Governance for Owners CEO Stephen Cohen argues there is a role for asset management in the space between support for good causes and the ruthlessness of vulture funds.
SRI (socially responsible investing) is now almost mainstream, since no organisation would brand its activity as ‘socially irresponsible’. ESG (environmental, social and governance) principles are widely accepted as a positive set of a corporate values an investor might want to adhere to. Now add to these, Relational Investing.
Governance for Owners (GO) uses the phrase to describe how it works as a responsible activist investor and asset manager. Its activities are directed through two long-only mid-cap equity funds, the GO European Focus Fund and the Japan Engagement Fund (JEF), the latter launched in March 2012.
The other part of the London-based firm, which has some $1.1bn assets under management, offers institutional investors stewardship services, including advice on voting and engagement with quoted companies worldwide. CEO Stephen Cohen, a veteran of Mercury Asset Management in the 1980s, Putnam’s MEMEA business Zurich Scudder, and the Russian hedge fund manager Troika Dialog, joined in June 2012, succeeding founder Peter Butler.
“The Governance for Owners idea was to identify interesting listed businesses, essentially sound from an operational and product point of view, but undervalued for some reason – and then engage with the management to address the reason why,” Cohen (pictured) says. “It may be simple – investor relations, or appointing independent directors to the board, or remuneration policies. Or it may be more strategic or financial, about the nature of the core business.”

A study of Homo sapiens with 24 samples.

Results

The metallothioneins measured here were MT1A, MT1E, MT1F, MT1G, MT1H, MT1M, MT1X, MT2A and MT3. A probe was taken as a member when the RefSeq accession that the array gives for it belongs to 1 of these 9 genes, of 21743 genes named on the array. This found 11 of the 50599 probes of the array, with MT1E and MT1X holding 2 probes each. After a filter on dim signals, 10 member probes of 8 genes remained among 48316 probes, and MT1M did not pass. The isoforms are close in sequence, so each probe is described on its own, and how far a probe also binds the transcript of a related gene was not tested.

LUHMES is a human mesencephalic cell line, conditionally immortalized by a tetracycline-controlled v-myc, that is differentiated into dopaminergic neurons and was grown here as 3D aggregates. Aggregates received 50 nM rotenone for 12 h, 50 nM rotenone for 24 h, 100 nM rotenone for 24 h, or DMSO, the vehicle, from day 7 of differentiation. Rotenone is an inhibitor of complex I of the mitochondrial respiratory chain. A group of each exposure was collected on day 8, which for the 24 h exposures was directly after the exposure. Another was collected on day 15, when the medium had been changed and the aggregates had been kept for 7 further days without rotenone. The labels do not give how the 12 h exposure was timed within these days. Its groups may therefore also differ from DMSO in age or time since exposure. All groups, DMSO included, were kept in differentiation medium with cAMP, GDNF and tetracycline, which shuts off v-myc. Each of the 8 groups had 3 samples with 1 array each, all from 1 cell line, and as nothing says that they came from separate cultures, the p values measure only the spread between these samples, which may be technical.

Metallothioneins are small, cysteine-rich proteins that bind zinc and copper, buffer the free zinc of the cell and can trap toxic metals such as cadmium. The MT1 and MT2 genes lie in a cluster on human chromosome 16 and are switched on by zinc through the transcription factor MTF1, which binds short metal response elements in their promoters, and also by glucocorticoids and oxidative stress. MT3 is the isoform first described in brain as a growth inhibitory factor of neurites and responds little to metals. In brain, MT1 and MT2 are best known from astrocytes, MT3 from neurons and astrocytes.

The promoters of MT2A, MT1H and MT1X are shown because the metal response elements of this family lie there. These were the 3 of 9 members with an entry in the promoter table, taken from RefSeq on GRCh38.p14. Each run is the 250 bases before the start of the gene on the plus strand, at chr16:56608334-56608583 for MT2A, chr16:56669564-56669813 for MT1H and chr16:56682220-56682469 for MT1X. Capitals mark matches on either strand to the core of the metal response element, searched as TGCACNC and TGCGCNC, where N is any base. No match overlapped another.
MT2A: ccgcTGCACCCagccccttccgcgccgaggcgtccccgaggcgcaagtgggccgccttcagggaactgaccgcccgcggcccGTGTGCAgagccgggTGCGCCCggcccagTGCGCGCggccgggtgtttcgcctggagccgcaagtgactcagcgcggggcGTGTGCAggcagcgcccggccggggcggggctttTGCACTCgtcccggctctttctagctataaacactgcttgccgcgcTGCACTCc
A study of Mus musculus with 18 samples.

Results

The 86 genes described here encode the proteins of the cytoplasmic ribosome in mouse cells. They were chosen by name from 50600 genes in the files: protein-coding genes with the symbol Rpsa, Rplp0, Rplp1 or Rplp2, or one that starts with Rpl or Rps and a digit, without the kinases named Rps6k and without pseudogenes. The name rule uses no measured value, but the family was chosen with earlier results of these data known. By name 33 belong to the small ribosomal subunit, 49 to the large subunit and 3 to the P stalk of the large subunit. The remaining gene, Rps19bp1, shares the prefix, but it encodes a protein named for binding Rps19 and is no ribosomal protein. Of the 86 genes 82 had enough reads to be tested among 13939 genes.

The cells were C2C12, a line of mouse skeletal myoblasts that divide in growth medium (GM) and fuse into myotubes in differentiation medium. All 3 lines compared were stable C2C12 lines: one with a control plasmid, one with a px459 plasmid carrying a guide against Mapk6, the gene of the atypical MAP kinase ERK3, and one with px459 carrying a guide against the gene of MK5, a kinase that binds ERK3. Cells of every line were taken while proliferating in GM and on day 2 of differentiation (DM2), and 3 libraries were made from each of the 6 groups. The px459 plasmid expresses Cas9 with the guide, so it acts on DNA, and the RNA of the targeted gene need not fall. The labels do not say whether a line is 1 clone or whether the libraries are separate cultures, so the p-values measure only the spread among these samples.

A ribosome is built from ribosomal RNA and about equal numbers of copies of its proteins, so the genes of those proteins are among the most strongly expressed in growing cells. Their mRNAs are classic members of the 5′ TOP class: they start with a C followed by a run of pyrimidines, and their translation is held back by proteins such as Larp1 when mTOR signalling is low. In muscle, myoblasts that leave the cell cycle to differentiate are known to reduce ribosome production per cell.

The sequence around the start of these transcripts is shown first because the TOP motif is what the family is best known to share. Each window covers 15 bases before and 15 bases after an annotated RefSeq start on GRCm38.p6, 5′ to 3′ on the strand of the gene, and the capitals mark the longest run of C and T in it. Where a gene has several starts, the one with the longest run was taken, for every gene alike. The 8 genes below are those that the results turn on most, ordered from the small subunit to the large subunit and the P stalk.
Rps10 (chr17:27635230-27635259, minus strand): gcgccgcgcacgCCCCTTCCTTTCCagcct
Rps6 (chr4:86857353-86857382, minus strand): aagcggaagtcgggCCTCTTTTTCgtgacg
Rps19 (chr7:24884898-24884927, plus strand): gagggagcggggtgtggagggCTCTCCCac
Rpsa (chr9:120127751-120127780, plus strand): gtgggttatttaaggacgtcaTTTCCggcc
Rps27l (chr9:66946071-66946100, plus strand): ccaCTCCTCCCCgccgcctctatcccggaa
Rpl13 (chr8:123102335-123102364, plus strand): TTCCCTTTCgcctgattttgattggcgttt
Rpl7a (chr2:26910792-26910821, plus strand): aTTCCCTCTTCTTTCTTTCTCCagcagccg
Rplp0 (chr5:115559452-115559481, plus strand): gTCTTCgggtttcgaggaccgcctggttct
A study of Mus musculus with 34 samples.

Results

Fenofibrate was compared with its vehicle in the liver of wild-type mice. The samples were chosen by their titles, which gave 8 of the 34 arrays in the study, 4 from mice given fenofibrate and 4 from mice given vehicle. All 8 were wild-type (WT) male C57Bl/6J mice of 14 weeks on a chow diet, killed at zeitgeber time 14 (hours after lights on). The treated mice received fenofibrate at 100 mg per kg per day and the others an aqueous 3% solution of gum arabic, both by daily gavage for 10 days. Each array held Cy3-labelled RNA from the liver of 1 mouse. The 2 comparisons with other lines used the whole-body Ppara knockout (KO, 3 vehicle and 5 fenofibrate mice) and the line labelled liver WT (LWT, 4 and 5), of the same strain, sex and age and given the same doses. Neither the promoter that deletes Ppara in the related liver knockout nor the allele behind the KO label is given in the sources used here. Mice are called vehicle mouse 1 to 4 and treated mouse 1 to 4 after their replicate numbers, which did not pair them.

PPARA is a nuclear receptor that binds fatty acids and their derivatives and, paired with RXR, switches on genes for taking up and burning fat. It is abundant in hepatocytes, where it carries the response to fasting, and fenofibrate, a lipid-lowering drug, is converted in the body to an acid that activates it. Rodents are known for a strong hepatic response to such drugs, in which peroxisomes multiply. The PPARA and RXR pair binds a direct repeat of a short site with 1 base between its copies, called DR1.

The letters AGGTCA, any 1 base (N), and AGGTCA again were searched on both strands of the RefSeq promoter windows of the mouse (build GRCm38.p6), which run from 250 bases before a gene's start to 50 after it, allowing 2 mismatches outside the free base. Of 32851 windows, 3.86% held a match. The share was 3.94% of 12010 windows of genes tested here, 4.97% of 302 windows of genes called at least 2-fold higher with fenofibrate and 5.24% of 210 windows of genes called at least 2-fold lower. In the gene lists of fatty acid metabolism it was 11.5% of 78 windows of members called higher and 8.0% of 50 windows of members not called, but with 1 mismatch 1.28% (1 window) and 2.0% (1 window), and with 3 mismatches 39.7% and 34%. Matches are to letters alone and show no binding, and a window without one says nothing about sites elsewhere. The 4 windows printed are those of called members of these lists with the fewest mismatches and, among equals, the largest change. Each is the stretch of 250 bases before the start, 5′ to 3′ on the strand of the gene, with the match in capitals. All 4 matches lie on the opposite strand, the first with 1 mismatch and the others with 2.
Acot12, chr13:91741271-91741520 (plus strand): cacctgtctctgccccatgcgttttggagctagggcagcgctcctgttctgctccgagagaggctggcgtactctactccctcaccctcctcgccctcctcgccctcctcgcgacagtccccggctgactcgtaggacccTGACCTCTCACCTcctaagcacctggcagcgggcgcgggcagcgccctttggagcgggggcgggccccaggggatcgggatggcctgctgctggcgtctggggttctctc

GO, with a team of 30 and offices in London, New York and Tokyo, and associates in Sydney, Abu Dhabi, Singapore and Cape Town, believes corporate as well as investment skills are needed for relational investing. It has access to both worldwide. Analysts undertake at least three months research on any target stock, to a degree usually only conducted by private equity investors.
The GO fund will then buy a small stake (around 1%), and begin the process of engagement. “We have to see if the company is willing to listen,” explains Cohen. “The early stake is just to say: ‘We are serious, we are alongside you as a shareholder’.”
The typical investment horizon of the funds is three years. “At that point we may own between 3% and 6% of the company, which is a material holding, but not a threat. At 5% we can of course call an extraordinary general meeting, but we don’t usually want to. If we have to, we have failed and the engagement process is not working.”
“When you sit and talk to most managements, they know their business. We are not banging the table and it is a completely private discussion,” Cohen adds.
The combination of careful stock selection and the value added through relational investing based on ownership rights delivers the uncorrelated alpha sophisticated investors seek. The GO funds are only marketed to institutional-type investors who can appreciate, or perhaps afford, the time it takes to effect changes.
Cohen admits some companies don’t want to engage, at which point GO moves on to other prospects. “The intensity of the research and engagement limits the number of holdings, so we have a very concentrated portfolio of about 12 core positions, maybe one or two side investments, plus a few we are selling out of.”
Current investments in the public domain include Cookson Group (UK), JazzTel (Spain), Viscofan (Spain). Prior investments include Amer Sports (Finland – owner of sports brands such as Wilson, Salomon skis).